Archive | June 8, 2019

Give me a child until he is seven

I love the 7Up series. I am watching 56Up in preparation for 63Up which will be on TV on Monday night.

Listening to the famous opening – “I’m going to work in Woolworths” and “I read The Financial Times” – I couldn’t help but think of my children, our socio-economic class and a particular incident.

When we first moved to the suburb we still live in, my youngest was ten. He made friends with a neighbour of the same age who lived in our street.

The boy attended a non-government school. One that mimicked English public schools. Blazer in all seasons, even 40° summers. Younger boys wear shorts in all seasons, even 4° mornings. Boaters in summer.

While jumping on our trampoline, I overheard the boy asked The Dreamer what he did for extra-curricular activities. The Dreamer had no idea what he was talking about. (Or if you want to sound like you come from a pompous school – no idea about which he was talking as ending sentences with a preposition is something up with which one cannot put.) Extra-curricular wasn’t a term used at public primary schools. We just had “activities” – chess, sport, choir and the like.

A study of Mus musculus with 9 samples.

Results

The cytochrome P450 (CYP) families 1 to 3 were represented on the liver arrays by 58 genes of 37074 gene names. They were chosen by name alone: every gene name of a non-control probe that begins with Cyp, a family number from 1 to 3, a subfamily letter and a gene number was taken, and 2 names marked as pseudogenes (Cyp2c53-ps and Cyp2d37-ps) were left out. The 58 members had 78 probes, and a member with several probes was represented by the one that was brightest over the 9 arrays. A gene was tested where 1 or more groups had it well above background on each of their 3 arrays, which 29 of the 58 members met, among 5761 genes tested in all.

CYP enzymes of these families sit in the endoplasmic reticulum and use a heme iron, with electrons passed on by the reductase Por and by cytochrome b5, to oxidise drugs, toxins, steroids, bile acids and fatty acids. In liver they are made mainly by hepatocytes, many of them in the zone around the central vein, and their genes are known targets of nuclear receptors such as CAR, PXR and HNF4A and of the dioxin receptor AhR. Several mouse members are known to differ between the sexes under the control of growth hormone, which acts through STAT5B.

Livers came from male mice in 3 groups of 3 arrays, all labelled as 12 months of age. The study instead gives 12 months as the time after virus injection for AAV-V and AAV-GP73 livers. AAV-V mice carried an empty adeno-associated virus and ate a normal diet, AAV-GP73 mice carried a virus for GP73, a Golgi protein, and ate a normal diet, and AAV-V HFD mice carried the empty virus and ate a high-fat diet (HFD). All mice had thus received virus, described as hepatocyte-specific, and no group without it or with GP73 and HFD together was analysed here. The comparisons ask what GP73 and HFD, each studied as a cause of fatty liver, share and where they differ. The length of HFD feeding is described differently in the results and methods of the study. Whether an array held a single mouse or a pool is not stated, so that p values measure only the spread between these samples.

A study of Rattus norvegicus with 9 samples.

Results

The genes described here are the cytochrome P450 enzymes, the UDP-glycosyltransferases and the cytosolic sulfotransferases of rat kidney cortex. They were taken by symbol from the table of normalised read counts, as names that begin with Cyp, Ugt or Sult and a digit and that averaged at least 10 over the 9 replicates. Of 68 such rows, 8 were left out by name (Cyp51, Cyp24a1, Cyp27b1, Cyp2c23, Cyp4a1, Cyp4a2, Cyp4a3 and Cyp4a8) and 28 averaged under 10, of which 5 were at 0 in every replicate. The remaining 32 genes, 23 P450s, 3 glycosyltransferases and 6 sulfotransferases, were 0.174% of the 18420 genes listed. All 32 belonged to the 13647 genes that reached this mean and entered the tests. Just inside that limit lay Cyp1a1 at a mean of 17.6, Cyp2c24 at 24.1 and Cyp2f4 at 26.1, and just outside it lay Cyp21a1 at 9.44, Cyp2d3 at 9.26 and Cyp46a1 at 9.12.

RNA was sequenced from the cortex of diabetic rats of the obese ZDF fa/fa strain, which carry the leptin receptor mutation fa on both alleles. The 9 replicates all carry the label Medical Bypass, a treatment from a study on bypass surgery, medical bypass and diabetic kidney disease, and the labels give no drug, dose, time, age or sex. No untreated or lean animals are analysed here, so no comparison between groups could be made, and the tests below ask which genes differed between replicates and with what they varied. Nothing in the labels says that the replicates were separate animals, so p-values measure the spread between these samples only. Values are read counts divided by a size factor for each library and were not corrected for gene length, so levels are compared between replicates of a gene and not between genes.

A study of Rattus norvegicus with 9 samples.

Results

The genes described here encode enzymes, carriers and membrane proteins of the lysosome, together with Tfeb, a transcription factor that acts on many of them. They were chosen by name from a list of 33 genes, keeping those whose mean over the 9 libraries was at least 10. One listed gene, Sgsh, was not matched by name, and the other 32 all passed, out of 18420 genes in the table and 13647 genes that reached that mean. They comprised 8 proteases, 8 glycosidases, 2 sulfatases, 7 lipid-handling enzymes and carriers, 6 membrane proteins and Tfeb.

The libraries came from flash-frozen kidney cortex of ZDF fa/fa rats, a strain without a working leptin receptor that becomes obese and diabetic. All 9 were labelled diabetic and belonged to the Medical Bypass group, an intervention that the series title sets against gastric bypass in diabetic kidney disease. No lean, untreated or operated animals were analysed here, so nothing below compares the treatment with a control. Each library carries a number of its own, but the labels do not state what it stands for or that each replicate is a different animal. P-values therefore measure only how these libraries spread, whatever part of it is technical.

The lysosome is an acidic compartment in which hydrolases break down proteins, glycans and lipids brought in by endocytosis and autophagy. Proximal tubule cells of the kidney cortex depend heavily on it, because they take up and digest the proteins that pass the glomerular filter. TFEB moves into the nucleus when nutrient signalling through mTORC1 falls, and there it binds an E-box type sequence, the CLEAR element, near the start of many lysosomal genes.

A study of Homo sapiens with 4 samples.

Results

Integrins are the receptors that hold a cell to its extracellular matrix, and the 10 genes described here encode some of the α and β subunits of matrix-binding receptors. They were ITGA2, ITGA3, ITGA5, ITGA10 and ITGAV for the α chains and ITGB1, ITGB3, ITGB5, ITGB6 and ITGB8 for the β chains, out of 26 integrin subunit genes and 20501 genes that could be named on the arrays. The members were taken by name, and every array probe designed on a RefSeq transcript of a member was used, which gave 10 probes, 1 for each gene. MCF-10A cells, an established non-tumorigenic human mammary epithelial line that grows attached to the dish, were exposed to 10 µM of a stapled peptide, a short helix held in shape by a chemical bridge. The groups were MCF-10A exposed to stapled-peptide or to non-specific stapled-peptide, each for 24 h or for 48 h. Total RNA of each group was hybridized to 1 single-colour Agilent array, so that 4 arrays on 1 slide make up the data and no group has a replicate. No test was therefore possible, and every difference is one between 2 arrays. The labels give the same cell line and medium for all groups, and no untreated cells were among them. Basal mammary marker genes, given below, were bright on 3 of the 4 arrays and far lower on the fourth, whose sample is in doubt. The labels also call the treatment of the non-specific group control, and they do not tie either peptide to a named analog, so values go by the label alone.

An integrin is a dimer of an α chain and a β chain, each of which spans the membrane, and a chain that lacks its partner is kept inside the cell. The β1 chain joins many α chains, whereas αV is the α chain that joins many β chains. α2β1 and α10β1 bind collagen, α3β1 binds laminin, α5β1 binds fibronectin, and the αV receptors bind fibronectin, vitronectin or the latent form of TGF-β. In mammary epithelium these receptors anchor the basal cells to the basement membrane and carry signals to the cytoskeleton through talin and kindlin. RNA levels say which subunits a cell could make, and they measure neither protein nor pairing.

Trying to sound so superior, the neighbour said, “I do fencing.”

The Dreamer replied, “Oh no, my mother wouldn’t let me do anything like that.”

Listening on the verandah, I cracked up. I knew what he was imagining. Why on earth would you do that!

The boy persisted, trying to explain what fencing was.

My son was still perplexed and none the wiser, as he was not really listening – the boy was a continual show-off who had to prove he was better than others.

I loved how this little conversation captured a possible class divide. The boy was trying to show how exclusive were his activities. Yet, my little naive, socially unconscious boy wasn’t impressed. Even if he knew what it was, he couldn’t care less.

And yet…

His parents were renting a run-down little house – we were buying a rather beautiful place. Both The Dreamer’s parents (ie Mr S and me) are left-wing who could afford to send their children to private schools, but never would as a matter of principle. Just as the boy’s parents were sending him to a private school as they believed it showed they were of a “better” class.

The boy was a fat, little, unlikeable thing. Higher class or not.